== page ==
In her new book, No Place Like Home, Brooke Berman describes her experience living in 39 NYC apartments. As she explains, “Moving is an incredible proposition to Americans. It is loaded with the very framework of our national mythology. We are a nation founded on ‘frontier’ mythology and on expansion as a tactic for reinvention and re-creation. Americans are taught that we can become new people by willing it to be so, divesting of old forms, old clothing and old dwellings and heading off for parts unknown. And New Yorkers are the worst, playing musical chairs with too-small apartments, always on the lookout for a better deal. NO PLACE LIKE HOME is a search for roots, rest and dwelling.“
We’re excited that Brooke took the time to share 6 great tips with you.
- Identify core values about where and how you live. Make a priority list. What’s important to you about “home”? For instance, my list generally reads: 1) Neighborhood, 2) Bathtub, 3) Natural light. I know that when looking for a place, these are the three things I won’t compromise on. Also, on the flip side, know what you’re willing to give up. I will give up space — and live some place small — in order to live in a specific neighborhood.
- And about neighborhood…. I like to be in the center of the action. So, for me, “neighborhood” means The East Village. My husband is the opposite — he likes his home to be a retreat, away from the center of things. He loved living in Dutch Kills, Queens. So figure out what you need and then, do some research Spend time in the area. Go during the day and then, go at night. And read up. Most neighborhoods now have their own blogs. LIQ City for Long Island City, Billburg for Williamsburg, and so forth.
- Roommates. Do you need one? Can you comfortably live with roommates? If you can’t afford to live on your own, consider renting a place with an extra bedroom and placing an ad on Craigslist. The right roommate is a joy. Again, though, do some soul searching and research. Do you want to live with a friend? Or a stranger? Do you want to live with someone of the same gender? Or do you not care so much? One thing I really like about living with boys: they never try to borrow my clothes. One thing I like about living with girls: the bathroom is always clean. Sparkling, in fact. Another question: can you live with more than one person? If so, you might be prime for a house or a bigger space somewhere further out. I have generally enjoyed having more than one roommate-it cuts down on the pressure to get along with any one person. Plus, it’s a dinner party waiting to happen-each roommate has just one friend over, and you’re set.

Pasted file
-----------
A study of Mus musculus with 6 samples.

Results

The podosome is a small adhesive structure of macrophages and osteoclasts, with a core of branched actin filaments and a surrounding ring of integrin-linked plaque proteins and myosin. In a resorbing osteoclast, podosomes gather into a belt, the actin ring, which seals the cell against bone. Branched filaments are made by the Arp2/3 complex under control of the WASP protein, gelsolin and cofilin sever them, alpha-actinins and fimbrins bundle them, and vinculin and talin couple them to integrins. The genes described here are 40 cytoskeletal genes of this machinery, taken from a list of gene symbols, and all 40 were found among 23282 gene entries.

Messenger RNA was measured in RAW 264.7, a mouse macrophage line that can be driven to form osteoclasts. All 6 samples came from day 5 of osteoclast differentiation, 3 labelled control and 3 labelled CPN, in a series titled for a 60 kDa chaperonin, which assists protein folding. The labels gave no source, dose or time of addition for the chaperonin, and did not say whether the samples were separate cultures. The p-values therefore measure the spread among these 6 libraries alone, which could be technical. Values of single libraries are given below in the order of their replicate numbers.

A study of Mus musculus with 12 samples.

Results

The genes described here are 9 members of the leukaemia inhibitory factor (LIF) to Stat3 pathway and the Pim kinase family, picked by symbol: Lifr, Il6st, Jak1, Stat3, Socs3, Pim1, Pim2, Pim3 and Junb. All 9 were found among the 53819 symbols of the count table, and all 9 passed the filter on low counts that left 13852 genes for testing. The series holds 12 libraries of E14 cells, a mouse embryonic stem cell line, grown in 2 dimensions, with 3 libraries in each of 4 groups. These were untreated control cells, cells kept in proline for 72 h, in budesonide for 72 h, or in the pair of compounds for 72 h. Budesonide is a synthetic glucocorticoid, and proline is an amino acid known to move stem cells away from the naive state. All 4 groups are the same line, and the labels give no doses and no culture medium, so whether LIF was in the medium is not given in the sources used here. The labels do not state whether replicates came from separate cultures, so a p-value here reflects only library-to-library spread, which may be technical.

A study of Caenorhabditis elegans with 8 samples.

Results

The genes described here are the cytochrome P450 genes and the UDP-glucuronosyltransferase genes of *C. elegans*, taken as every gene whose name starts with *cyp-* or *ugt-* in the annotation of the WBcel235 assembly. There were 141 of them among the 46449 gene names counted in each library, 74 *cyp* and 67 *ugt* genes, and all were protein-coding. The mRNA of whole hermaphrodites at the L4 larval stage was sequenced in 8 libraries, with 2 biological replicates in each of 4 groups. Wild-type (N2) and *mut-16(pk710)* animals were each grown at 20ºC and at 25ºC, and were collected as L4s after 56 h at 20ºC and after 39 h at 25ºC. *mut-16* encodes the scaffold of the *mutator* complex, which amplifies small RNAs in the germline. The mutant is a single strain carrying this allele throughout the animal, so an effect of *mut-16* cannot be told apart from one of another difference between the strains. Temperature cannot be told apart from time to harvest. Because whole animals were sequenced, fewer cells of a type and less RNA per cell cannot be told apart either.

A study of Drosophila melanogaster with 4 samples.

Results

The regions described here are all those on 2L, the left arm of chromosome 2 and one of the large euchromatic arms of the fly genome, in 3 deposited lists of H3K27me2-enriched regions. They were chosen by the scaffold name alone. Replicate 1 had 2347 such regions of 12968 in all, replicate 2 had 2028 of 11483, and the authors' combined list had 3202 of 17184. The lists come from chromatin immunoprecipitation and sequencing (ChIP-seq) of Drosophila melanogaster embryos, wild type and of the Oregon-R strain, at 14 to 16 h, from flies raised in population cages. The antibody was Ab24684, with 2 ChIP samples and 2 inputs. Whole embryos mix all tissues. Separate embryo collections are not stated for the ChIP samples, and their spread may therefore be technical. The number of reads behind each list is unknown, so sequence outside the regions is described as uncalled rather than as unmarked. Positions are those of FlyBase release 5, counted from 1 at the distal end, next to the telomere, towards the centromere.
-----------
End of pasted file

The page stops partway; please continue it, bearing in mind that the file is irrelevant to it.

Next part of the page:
- Be realistic about rent. Make a budget and stick to it. Make sure your rent doesn’t overwhelm your monthly expenses. That said, a really great place is worth making a few sacrifices for. When I moved into my dream one-bedroom, I gave up most everything inessential in order to make the rent. I do not regret that choice-the feeling of being in the right place made up for my makeshift furniture (really, a steamer trunk with cushions can be a great couch), lack of cable and reduced social life.
- Meet the landlord. Make sure you know who you’re giving your money to and what the renters policies are. Is rent due on the first? On the fifth? Is there a grace period? Who do you call when you need something fixed? How available is the super? How friendly is the super? (Make sure to befriend the super. You will need this person on your side.)
- While looking…. don’t give up hope. It’s an arduous process, but the right place is out there. Keep looking. Eventually, you’ll find it.